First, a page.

Tuesday, March 24, 2020
Texas and Ohio have included abortions among the nonessential surgeries and medical procedures that they are requiring to be delayed, setting off a new front in the fight over abortion rights in the middle of the coronavirus pandemic in the United States.
Both states said they were trying to preserve extremely precious protective equipment for health care workers and to make space for a potential flood of coronavirus patients.
But abortion rights activists said that abortions should be counted as essential and that people could not wait for the procedure until the pandemic was over.
Pro-choice groups such as the American Civil Liberties Union and Planned Parenthood say the order is an excuse from the state to restrict access to abortion.
Ohio's legislators have sought to curb people's access to abortion prior to the pandemic.
“Planned Parenthood’s top priority is ensuring every person can continue accessing essential healthcare, including abortion,” Planned Parenthood of Ohio said in a statement, adding that they are still being compliant with the state order.
“Under that order, Planned Parenthood can still continue providing essential procedures, including surgical abortion, and our health centers continue to provide services that our patients depend on,” they added.
Despite a state health order banning non-essential procedures during the coronavirus health emergency, Ohio abortion clinics remained open last week.
But after receiving complaints, Ohio Attorney General Dave Yost ordered two of them to follow Ohio Department of Health Director Amy Acton’s orders.
“You and your facility are ordered to immediately stop performing non-essential and elective surgical abortions. Non-essential surgical abortions are those that can be delayed without undue risk to the current or future health of a patient,” Yost said.
“If you or your facility do not immediately stop performing non-essential or elective surgical abortions in compliance with the [health director’s] order, the Department of Health will take all appropriate measures.”
On Wednesday, Acton issued an order saying “all non-essential or elective surgeries and procedures that utilized [personal protective equipment] should not be conducted.” The state is attempting to preserve supplies of equipment needed in combating the vir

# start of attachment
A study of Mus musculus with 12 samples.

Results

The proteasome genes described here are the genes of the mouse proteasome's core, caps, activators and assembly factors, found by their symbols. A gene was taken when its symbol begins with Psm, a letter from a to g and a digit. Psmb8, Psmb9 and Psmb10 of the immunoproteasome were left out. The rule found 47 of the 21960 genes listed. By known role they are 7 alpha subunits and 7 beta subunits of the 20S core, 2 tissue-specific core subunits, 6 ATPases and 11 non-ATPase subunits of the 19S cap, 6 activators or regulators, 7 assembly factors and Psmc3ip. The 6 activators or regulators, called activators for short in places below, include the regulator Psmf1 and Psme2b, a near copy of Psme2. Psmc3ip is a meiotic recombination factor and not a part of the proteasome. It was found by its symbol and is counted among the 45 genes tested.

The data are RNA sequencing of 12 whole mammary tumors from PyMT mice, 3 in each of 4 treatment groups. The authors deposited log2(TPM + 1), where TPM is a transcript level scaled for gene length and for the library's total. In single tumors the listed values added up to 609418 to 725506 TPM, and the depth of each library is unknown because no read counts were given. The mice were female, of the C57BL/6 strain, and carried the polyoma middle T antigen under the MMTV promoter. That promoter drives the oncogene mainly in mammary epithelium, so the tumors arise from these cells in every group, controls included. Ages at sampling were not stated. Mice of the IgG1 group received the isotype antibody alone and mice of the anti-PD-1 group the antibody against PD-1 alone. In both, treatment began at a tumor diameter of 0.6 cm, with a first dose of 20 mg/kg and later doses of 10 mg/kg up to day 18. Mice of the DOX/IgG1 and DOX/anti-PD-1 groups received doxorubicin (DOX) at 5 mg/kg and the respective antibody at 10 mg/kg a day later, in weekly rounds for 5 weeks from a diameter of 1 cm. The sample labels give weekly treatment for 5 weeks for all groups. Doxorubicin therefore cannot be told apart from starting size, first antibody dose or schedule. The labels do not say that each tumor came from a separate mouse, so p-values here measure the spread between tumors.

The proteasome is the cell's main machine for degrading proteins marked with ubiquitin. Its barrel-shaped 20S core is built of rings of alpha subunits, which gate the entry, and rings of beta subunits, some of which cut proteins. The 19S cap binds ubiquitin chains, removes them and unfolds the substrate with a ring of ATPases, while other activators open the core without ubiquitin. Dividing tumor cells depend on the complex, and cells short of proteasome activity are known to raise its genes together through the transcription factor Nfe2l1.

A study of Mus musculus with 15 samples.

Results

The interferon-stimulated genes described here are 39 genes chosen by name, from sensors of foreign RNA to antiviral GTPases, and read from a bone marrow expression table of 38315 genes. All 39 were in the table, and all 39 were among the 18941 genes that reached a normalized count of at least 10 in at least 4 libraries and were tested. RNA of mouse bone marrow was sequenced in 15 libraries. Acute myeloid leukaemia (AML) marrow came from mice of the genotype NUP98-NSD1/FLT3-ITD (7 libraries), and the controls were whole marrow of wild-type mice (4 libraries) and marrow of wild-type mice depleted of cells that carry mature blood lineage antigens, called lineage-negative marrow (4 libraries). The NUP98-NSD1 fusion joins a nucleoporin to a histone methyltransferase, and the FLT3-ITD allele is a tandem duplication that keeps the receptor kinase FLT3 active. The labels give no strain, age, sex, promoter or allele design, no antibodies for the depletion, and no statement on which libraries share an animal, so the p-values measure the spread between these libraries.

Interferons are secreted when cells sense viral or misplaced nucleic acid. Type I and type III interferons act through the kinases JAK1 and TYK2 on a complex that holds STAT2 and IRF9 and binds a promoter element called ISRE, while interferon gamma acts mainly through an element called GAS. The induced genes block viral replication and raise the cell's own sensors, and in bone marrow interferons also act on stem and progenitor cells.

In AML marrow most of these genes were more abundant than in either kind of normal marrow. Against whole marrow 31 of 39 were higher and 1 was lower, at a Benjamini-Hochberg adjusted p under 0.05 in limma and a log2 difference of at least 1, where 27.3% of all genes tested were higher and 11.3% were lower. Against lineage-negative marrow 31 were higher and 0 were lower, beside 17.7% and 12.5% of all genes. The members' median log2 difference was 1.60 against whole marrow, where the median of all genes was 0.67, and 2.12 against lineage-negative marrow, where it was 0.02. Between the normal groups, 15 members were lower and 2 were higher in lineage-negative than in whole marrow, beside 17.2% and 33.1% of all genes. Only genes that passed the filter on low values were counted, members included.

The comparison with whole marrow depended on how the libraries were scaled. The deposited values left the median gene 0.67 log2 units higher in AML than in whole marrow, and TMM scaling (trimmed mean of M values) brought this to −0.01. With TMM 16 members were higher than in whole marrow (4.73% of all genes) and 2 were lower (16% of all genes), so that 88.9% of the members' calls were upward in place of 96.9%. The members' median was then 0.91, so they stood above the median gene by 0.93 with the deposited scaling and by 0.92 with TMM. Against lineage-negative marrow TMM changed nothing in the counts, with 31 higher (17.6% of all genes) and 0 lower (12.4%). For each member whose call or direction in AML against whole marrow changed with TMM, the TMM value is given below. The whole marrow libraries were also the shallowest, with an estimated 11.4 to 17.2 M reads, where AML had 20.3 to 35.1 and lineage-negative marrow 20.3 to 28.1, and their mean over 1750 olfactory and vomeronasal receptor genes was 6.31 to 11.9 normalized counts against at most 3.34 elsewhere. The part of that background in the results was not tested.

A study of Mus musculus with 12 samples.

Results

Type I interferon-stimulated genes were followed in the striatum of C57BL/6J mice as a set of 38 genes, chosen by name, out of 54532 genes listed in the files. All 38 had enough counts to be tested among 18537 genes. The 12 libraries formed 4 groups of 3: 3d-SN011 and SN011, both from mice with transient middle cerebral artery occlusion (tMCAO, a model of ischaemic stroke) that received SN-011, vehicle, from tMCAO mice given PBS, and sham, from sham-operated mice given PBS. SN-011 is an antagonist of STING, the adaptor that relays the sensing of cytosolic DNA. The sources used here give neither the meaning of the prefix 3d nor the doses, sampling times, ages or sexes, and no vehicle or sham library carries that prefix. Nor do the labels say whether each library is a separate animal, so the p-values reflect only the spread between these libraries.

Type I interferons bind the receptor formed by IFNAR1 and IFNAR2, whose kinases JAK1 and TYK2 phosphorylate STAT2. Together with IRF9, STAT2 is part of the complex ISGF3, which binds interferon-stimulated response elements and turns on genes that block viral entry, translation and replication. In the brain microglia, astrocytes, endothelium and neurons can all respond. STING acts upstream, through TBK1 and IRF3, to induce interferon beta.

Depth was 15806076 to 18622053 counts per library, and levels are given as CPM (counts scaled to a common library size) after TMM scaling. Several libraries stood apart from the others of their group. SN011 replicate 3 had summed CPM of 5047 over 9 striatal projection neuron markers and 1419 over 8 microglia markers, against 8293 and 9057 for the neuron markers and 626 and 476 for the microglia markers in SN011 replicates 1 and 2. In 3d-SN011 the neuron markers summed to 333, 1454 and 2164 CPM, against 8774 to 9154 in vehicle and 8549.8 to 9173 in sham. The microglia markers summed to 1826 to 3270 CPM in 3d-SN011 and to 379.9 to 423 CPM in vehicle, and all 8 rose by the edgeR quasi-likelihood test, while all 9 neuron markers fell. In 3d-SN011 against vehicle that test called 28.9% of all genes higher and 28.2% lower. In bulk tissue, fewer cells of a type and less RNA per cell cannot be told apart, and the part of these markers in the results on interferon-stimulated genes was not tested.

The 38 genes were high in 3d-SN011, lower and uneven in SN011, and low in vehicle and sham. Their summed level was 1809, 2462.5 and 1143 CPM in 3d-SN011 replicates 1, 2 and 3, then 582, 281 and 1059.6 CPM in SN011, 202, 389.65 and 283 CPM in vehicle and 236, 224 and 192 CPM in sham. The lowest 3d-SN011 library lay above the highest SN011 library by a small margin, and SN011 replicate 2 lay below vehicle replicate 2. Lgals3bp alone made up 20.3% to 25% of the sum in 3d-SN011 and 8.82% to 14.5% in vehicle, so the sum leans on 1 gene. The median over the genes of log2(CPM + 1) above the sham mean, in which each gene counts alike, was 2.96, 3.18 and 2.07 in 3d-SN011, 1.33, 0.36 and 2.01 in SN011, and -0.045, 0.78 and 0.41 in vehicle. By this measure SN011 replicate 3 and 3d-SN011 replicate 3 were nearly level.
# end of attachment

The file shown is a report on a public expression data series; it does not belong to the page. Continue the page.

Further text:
Republicans in states around the country are doing their best to use the growing coronavirus epidemic in order to push through their rightwing, anti-abortion agendas. The latest—on Sunday night, Texas Governor Greg Abbott issued an executive order to “postpone all surgeries and procedures that are not immediately medically necessary” until April 21. In response, the state’s Attorney General Ken Paxton ordered all abortion clinics to stop providing “any type of abortion that is not medically necessary to preserve the life or health of the mother,” or face penalties of up to $1,000 or 180 days of jail time.
The move by Republican officials in Texas comes on the heels of Ohio’s attorney general’s office ordering abortion clinics in Dayton, Cleveland, and Cincinnati to “immediately stop performing non-essential and elective surgical abortions.”
Framing these moves as a way to ensure that health care professionals have the resources they need, which is what officials in both Texas and Ohio have done, is an incredibly manipulative and underhanded way to sneak in anti-abortion measures under the guide of public health. In a statement to Jezebel, NARAL Pro-Choice Texas executive Aimee Arrambide wrote, “Abortion is essential healthcare, but especially in the wake of the public health crisis we are facing now.... Abortion is a procedure where time is of the essence and cannot be delayed without profound consequences.”
Over the weekend, two states made moves to ban certain abortions under the guise of preparing for the expected surge in coronavirus cases. In Ohio, Attorney General Dave Yost sent letters to three abortion clinics ordering them to stop performing “nonessential” surgical abortions that “can be delayed without undue risk to the current or future health of a patient.” In Texas, Gov. Greg Abbott ordered a halt to all procedures performed on patients not facing an immediate risk of “serious adverse medical consequences or death.” The Texas attorney general confirmed on Monday that most abortions would fall under the order.
Both officials have said the bans are necessary to reduce coronavirus-induced strain on health care systems and reserve personal protective equipment, including masks and gloves, for more urgent uses during a time of nationwide medical supply shortages. Their misclassification of abortion as nonessential health care betrays a deep-seated indifference for the health and welfare of pregnant women. Abortion care isn’t a delayable luxury, even during a pandemic. It’s essential preventive care—and if anything, it might be more essential than usual.
Abortion providers in Texas and Ohio have said they consider themselves exempt from the orders and will continue seeing patients, since the care they provide is necessary and time-sensitive. Though abortion care is extremely safe, it gets riskier, more expensive, and more difficult—or impossible—to access as a pregnancy progresses.